Safer Internet day was an opportunity to promote the safe, responsible and positive use of digital technology for children and young people. It was also the day that school reporters Shakira, Nicholas, Lowri and Dafydd found that 31 members of the class use social media. What effect does that have on their daily lives and how safe are the sites? This is their report.
Most mornings we check Facebook, Instagram, Twitter and Snapchat before doing anything else. Furthermore, we do this without much thought. We ask ourselves everyday questions such as “Where are my shoes?’ or “Where did I leave my work?” but we don’t ask ourselves “are we safe online? Research carried out by the NSPCC state that last year 7,296 young people received counseling after speaking to Childline about online bullying and online safety. Did social media play a role in this or do we need more education on how to say safe online?
We spoke to Steffan, a pupil at the school who uses social media a lot, he said, “we can’t really be certain why safety on the internet isn’t brilliant, but we can do something about it. We need to be more educated and be able to get the right information. Right now, people are getting mean comments on their posts, so we must stop it. I’ve heard that 1 in every 10 child that gets cyber-bullied tries committing suicide. This must stop.”
We also asked our school’s Head Boy and he said, “In my opinion too many young people use social media. Even though there are restrictions, many kids fake their age in order to sign up!”
When interviewed, parent and primary school teacher Lisa told us that we’re all to blame, “It’s not a matter of questioning social media but I think that it’s about educating parents and children,” stated Lisa. “We can easily blame certain sites for not being rigorous enough when checking personal details but I think that young people should be taught how to be responsible for their own actions and that bad decisions could have major repercussions.”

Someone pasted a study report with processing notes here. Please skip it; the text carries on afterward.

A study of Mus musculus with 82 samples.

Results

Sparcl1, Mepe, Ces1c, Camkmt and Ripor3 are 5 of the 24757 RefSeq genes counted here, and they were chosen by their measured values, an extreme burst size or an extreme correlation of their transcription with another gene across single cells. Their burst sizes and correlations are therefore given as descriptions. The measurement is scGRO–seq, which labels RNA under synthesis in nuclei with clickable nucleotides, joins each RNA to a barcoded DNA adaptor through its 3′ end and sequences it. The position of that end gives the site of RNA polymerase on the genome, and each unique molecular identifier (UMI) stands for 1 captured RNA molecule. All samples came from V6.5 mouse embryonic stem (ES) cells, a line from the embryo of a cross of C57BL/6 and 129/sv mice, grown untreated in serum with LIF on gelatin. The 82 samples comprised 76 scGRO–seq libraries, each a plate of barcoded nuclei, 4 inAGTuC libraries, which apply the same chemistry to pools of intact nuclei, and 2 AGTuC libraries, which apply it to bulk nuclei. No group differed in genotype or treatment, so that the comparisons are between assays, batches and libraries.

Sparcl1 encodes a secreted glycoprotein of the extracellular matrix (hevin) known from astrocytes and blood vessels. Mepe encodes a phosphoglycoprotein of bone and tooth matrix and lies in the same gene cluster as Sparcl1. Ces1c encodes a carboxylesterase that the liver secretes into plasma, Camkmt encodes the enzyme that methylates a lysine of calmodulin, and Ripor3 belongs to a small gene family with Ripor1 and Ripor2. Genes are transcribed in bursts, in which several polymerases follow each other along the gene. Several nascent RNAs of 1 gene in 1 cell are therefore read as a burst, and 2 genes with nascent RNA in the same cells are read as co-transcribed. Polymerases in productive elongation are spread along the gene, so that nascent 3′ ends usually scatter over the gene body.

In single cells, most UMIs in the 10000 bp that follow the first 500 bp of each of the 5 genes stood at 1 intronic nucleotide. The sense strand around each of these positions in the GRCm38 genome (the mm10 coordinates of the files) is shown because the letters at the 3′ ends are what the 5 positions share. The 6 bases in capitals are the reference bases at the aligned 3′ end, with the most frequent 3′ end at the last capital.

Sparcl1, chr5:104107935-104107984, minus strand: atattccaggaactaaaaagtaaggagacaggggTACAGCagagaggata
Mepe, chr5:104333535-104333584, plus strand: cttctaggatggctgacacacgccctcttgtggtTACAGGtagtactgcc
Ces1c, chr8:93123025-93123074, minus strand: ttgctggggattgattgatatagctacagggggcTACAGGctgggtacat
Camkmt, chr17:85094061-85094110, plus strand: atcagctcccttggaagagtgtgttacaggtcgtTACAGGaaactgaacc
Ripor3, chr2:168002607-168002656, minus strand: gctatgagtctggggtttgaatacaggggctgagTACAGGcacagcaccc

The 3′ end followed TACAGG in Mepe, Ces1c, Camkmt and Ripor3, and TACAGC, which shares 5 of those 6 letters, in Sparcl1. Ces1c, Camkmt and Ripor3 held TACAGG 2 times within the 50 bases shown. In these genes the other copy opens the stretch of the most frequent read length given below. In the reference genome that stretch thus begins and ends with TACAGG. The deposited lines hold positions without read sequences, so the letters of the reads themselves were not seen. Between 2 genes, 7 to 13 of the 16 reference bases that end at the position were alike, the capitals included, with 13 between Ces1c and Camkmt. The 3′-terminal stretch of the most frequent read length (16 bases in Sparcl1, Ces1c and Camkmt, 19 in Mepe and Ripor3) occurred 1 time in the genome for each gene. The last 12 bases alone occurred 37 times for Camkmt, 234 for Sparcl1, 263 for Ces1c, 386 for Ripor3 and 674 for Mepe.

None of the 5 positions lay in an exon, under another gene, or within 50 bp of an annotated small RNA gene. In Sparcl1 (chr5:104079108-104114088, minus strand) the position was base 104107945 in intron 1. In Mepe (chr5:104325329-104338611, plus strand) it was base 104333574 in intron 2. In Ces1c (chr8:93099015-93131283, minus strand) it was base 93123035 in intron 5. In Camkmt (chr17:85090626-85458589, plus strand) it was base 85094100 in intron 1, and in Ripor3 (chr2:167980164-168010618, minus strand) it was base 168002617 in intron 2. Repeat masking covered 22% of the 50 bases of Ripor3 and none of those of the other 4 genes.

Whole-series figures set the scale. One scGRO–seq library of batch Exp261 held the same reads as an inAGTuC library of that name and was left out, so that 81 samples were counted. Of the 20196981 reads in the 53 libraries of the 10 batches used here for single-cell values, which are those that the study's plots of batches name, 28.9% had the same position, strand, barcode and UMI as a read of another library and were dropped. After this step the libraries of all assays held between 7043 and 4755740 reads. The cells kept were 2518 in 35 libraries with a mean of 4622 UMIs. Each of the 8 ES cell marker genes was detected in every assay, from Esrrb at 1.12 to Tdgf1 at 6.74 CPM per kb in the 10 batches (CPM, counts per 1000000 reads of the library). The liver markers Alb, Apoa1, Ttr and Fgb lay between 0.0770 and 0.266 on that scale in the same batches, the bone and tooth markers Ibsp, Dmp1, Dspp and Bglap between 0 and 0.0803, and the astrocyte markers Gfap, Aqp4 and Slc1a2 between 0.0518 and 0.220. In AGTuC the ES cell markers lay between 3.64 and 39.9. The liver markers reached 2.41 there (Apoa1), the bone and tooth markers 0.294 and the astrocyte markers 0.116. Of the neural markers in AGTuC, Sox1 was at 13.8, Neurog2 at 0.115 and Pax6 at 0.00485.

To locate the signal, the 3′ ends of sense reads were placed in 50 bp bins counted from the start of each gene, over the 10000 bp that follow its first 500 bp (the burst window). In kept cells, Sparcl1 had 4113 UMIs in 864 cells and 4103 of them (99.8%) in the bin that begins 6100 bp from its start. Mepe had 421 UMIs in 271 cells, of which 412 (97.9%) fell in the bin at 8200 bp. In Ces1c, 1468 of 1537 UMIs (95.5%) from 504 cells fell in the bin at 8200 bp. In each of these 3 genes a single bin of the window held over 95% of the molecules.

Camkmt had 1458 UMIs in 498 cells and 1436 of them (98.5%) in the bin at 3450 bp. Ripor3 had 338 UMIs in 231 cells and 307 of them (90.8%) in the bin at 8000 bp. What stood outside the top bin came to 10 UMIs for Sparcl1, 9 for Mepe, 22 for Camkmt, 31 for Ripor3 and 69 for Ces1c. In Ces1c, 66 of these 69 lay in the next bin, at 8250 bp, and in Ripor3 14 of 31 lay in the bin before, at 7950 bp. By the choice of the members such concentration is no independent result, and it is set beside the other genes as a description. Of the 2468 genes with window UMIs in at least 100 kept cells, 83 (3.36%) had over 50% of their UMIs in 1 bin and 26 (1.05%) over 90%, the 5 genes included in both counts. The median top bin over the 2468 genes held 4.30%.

Other concerns surrounding social media are that young people are losing their communication skills. Studies in the US say that children’s social skills may be declining as they have less time for face-to-face interaction. It’s even suggested that health problems are possible due to the lack of sleep that young people are getting.
However, Let us not forget the positive side of the social media. Young people can use it to share and discover useful information about their homework. Young people and adults can of course stay in touch with friends and family from all over the world. Plus Twitter is great for keeping up to date with the latest from your favourite celebrity or sport team!
Is homework causing stress?
School Reporters Dylan, Katie, Daniel, Alys and Dafydd often hear their classmates say that they are stressed because they have too much homework so they decide to investigate!
We asked 31 people in our class and 29 said they felt they had too much homework. However Gwen says “I don’t personally get stressed and I think that homework is helpful. However, if somebody finds a particular subject difficult then I suppose it could be tough!”
Miss Jones says, “of course, if any pupil is really feeling the pressure they need to make sure they speak to their form teacher. They can then make sure they get the support they need. Ultimately though homework is important because it gives pupils the opportunity to expand on what they’ve learned in the classroom.”